Netflix Picks is a feature with a list of seven films currently available for streaming on Netflix and the reasons for why you should watch them.
School of Rock (Richard Linklater, 2003): Writer and director Richard Linklater has made a career out of phasing between content with a strong authorial stamp–the Before movies and his recent film Boyhood—and technically tight studio pictures with high entertainment value. School of Rock sits proudly in the latter category, where every line, shot, and music cue aims to entertain. Jack Black has never been a more enthralling lead, helping make it one of the most likable movies ever. The music numbers are jammin’, the comedy works, and the more you know about rock and roll, the funnier the film really is.
The Grey (Joe Carnahan, 2013): What seemed at first like another Liam Neeson B movie emerged as a surprisingly powerful meditation on death that waxes philosophy as it kicks your ass. The tension is high, the stakes intensify by the second, and the wolves, death, are coming for you. It’s a small film that leaves a big impact, and for those of you who haven’t seen it, it’s a film likely to please everyone.
Nymphomaniac part I (Lars Von Trier, 2014): Lars Von Trier’s latest is a violent and hyper erotic study of sexuality through a woman named Joe. She begins her novelistic account describing her sexuality by declaring “I discovered my cunt as a two year old.” Superbly acted and beautifully shot, Von Trier uses sensual awakening as a gateway to all kinds of human experience, and the result is a challenging and provocative work that has become the most incendiary film of the year. It’s also, oddly, unexpectedly funny and constantly entertaining, and along with the second half, will likely appear on my top 10 at year’s end.
Mad Max (George Miller, 1979): The original post-apocalyptic film, this hyper stylized sadistic action romp might not be what you’re expecting when you hear it’s the film that A.) launched Mel Gibson’s ultra-successful career, and B.) is one of the most profitable films of all time. It’s disorienting, gruesome, mean-spirited, but also unapologetically campy. It’s sensory overload turned to eleven, a film that pummels any sense of beauty or morality into the ground. Gibson dominates the screen, and even at this early stage his potential is obvious. The sequel is a better film, but the original has a purity the second film doesn’t. Given the fourth Mad Max film (this one starring Tom Hardy instead of Mel Gibson) comes out next year, there’s never been a better time to explore the franchise.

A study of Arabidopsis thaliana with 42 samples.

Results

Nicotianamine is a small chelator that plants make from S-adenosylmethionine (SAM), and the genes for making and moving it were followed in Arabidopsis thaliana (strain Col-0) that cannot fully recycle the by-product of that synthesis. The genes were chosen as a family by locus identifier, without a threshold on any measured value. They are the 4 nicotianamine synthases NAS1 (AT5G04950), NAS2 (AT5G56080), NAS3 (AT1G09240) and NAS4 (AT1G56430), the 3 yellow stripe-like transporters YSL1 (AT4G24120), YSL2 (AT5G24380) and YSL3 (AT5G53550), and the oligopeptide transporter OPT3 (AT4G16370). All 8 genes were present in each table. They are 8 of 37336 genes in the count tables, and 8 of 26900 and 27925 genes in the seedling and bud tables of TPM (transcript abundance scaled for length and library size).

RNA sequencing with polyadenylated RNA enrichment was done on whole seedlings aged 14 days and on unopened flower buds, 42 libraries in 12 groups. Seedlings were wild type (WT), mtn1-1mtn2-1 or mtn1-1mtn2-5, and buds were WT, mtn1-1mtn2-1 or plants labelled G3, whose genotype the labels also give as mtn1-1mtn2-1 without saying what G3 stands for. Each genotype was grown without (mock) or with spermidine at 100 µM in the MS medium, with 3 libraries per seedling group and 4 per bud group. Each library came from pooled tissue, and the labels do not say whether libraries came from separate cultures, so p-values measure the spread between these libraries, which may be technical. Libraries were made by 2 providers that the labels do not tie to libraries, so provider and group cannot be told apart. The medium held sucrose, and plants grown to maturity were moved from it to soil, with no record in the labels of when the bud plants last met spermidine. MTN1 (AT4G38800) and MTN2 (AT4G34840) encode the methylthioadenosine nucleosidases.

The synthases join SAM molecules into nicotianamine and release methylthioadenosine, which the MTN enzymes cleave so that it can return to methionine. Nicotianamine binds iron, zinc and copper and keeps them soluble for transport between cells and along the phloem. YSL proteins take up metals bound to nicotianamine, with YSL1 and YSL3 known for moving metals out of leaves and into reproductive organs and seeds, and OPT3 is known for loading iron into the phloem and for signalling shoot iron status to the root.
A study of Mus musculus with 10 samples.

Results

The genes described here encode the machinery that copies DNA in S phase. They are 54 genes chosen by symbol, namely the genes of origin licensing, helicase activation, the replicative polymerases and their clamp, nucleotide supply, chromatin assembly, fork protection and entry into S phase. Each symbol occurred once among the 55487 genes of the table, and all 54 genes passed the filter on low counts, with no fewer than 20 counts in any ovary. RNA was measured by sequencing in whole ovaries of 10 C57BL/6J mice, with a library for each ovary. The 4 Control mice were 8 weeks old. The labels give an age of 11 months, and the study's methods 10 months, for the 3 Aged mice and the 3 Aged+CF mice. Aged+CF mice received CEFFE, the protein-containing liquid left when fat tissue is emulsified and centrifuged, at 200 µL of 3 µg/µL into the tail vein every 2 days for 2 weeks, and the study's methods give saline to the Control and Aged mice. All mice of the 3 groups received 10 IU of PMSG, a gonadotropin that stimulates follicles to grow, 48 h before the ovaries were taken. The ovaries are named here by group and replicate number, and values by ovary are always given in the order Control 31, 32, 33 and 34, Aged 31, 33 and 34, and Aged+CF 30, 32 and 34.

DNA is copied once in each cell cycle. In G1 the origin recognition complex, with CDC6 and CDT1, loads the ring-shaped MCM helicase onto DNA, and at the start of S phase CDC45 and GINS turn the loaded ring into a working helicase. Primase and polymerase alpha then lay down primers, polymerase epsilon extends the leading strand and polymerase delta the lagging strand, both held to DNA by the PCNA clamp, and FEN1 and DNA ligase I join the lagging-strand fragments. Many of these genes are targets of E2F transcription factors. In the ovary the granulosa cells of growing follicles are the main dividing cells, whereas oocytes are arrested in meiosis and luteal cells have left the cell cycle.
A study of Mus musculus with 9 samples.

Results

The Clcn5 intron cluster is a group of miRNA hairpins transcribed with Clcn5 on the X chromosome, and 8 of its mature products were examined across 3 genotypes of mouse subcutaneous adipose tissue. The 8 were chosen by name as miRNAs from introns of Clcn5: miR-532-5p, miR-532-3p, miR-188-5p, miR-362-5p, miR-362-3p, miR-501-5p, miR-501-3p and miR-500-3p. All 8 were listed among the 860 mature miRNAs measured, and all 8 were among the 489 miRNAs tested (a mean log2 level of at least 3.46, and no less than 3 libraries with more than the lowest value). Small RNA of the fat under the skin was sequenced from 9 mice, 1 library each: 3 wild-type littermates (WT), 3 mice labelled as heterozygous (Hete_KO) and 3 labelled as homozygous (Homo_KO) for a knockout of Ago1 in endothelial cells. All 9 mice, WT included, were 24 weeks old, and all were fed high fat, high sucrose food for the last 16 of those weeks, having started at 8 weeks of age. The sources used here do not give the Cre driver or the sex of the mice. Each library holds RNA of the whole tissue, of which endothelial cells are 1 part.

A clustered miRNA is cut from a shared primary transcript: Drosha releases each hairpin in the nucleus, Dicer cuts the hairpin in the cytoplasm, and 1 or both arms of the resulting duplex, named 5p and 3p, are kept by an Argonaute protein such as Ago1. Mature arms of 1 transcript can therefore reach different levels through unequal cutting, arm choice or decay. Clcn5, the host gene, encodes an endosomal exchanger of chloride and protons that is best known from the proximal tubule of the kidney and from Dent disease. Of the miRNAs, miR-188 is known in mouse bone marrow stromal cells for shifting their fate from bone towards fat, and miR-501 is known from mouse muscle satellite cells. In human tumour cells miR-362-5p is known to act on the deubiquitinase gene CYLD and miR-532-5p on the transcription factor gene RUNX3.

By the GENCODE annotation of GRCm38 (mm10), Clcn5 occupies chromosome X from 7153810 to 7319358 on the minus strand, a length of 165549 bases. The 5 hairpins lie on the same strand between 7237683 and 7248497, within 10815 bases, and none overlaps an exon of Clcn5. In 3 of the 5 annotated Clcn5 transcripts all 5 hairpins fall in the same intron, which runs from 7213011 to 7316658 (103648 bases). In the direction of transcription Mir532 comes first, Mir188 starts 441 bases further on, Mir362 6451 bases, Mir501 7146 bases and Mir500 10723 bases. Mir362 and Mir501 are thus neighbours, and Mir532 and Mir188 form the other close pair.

Zodiac (David Fincher, 2007): In lieu of David Fincher’s much anticipated Gone Girl (which opens the New York Film Festival in only a few weeks), turning back to what many call his best film is appropriate. This isn’t only a film just about the serial killer, but also about living in the information. Characters are drowned in facts and details, and it overwhelms them. Zodiac’s cross-genre appeal is a major reason it’s been so lauded: character study, period piece, psychological thriller, police procedural. Segments have the pulpy allure of Se7en while others carry teeth-pulling tension, but the longer the film goes, the more we are engulfed in its deceitful visage of truth. Life doesn’t have easy explanation, and neither does Zodiac.
12 Angry Men (Sidney Lumet, 1957): Commonly called one of the finest films ever made, it’s fame couldn’t be more justly earned. As I said in my top 10 films from the 1950s list, “After a trial in which the accused is almost certainly guilty, the jurors gather in a boiling hot room to reach a consensus for their verdict. They each submit a piece of paper, and they read, guilty, guilty, guilty, guilty, guilty, guilty, guilty, guilty, guilty, guilty, guilty, not guilty. The dissenting juror? None other than Henry Fonda in one of his best roles where he at once plays lawyer, philosopher, and all around good guy.” It’s one of the best paced films ever made, where, despite taking place in a single room, tension continues to mount until the dramatic conclusion. If there ever was essential viewing, this is it.
Crouching Tiger Hidden Dragon (Ang Lee, 2000): Considered the first major contemporary martial arts film to have wide appeal in the U.S., it eventually went on to win the best foreign film award at the Oscars in 2001. For once, the Academy of Motion Picture Arts and Sciences got it right. Crouching Tiger is an utterly transcendent exercise of gravity-defying acrobatics, where the mysticism of a forgotten world still holds sway. Jaw-dropping action scenes are as poetic as they are thrilling, especially a sword stand-off flying through the tree tops. Amazing.